Diplomatic efforts continue to end the violence in the eastern
Democratic Republic of Congo. The United Nations mediator is due to
meet Friday with Congolese rebels and travel to Rwanda after meeting
Thursday with Congolese officials in Kinshasa.
United Nations mediator Olusegun Obasanjo's visit to Kinshasa, Goma and Kigali is aimed at ending the violence that has killed hundreds of people and displaced one-quarter million in the past four months.
The former Nigerian president is seeking to build on an agreement signed last month by Rwandan and Congolese defense ministers to disarm a Rwandan Hutu militia that has been clashing with forces of Congolese rebel leader Laurent Nkunda.
The mission comes as direct talks began between the rebels and the Congolese government in Kenya.
In an interview with VOA Swahili Service Nkunda expressed optimism over the talks. "There is a will. There is a good will and I think through the good will and talks we can get solutions," he said.
The diplomatic efforts intensified late last year after Nkunda's troops clashed with Congolese government forces and Rwandan Hutu militia. The militia, which opposed the government in Kigali, entered eastern Congo after participating in the Rwandan genocide of ethnic Tutsis in 1994.
Humanitarian groups say they are struggling to deliver aid to thousands of civilians displaced by the violence.
The United Nations Mission to Congo has deployed 17,000 peacekeepers across the vast country but only a fraction of these are in the zone of conflict.
Belgium and France have proposed sending several thousand European Union peacekeepers to bolster the U.N. forces but Britain and Germany say other measures should be tried first.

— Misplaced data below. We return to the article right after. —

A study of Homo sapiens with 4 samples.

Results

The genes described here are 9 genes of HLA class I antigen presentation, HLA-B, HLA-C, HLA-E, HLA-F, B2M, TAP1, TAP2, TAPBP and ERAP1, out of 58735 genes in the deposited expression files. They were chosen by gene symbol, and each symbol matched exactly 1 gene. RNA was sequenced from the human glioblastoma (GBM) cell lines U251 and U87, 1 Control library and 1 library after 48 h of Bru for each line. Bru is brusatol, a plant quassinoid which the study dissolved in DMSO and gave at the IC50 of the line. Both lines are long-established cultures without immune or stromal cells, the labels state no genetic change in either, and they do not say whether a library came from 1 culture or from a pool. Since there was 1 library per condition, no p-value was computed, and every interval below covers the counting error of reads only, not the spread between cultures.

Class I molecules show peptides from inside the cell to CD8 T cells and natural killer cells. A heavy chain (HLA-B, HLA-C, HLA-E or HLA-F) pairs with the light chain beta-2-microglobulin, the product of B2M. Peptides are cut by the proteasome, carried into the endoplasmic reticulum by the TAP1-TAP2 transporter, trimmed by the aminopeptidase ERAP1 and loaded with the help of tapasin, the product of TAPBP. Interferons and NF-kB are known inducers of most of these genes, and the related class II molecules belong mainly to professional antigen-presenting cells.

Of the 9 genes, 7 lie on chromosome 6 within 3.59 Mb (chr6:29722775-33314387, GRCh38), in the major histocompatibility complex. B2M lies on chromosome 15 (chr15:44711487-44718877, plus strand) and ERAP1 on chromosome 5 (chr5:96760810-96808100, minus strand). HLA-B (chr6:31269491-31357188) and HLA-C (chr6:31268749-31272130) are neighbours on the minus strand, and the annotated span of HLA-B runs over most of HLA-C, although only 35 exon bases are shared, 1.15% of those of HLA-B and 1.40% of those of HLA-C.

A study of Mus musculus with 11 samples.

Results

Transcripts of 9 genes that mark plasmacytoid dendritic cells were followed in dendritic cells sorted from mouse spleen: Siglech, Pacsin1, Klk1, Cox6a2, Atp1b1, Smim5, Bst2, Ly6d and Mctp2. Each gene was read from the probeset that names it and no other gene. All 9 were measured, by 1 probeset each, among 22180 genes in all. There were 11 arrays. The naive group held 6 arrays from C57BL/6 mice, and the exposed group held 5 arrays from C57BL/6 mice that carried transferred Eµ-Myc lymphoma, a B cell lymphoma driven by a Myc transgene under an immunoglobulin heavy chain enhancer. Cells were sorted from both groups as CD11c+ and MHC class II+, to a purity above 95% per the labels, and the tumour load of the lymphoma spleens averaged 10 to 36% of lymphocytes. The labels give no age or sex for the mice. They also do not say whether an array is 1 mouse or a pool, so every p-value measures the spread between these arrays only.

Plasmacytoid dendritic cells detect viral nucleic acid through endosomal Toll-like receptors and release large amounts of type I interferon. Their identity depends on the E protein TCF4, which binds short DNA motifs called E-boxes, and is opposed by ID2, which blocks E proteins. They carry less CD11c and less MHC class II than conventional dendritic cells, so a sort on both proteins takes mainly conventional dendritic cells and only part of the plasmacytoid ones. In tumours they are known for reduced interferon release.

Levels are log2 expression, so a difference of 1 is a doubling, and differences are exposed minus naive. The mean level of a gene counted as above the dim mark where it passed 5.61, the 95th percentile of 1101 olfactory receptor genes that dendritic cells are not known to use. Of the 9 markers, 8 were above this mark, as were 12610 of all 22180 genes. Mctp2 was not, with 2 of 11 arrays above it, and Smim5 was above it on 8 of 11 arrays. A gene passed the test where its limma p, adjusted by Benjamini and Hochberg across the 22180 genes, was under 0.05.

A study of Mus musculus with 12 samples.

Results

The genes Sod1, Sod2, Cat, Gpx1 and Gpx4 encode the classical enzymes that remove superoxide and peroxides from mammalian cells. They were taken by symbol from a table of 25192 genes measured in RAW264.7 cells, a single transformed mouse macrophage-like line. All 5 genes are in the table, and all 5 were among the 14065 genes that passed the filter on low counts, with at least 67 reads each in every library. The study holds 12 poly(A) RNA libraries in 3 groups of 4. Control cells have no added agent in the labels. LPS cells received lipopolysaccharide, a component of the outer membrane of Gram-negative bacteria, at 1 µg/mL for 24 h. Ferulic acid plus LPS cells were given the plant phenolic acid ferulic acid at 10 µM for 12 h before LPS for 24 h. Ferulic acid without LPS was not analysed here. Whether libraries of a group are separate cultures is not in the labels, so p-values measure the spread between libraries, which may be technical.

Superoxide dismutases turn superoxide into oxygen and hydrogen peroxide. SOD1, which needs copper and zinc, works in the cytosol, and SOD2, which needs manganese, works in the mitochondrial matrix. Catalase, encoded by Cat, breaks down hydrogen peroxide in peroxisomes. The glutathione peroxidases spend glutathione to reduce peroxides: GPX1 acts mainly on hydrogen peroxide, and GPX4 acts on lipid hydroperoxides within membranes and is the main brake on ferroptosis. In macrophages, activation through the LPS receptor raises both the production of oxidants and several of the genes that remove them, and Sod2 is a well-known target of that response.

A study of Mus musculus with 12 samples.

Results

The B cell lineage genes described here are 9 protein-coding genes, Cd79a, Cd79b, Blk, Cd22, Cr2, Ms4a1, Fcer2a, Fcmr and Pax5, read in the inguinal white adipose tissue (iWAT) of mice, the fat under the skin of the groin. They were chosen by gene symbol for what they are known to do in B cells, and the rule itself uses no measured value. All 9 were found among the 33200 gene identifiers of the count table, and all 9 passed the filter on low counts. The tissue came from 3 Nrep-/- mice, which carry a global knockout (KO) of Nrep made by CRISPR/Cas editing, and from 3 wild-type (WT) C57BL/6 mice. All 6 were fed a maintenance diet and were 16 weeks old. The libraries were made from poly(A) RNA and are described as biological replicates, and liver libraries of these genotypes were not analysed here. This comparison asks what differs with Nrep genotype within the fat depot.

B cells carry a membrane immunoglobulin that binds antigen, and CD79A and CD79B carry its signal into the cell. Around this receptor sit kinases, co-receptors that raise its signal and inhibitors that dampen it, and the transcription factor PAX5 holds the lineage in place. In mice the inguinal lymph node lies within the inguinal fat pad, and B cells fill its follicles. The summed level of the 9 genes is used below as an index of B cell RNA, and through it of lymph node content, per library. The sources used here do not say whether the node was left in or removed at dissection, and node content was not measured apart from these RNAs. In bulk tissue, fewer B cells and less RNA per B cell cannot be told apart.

Nkunda says sending more foreign troops is not the solution. "I tell them to bring what they can to help us for talks, not for war," he said. "Because when I hear them bringing troops instead of bringing negotiations and maybe a help in ideas for raising our economy, I can say let the international community help us to have a good leadership."
Nkunda ended a tenuous cease-fire in September accusing Congolese government troops of attacking ethnic Tutsi's in eastern Congo and charging the U.N. Mission with a lack of impartiality, charges which were rejected.
The Congolese government accuses Rwanda of supporting the Nkunda rebels while Rwanda accuses Congo of supporting the Rwanda militias. Both governments deny the accusations.
International observers say measures are needed to build mutual trust and allow for the disarmament of the various armed groups before a durable peace can be established.
But the Congolese government's lack of control over the region thousands of kilometers from Kinshasa and the continuing exploitation of its natural resources by the combatants are major obstacles.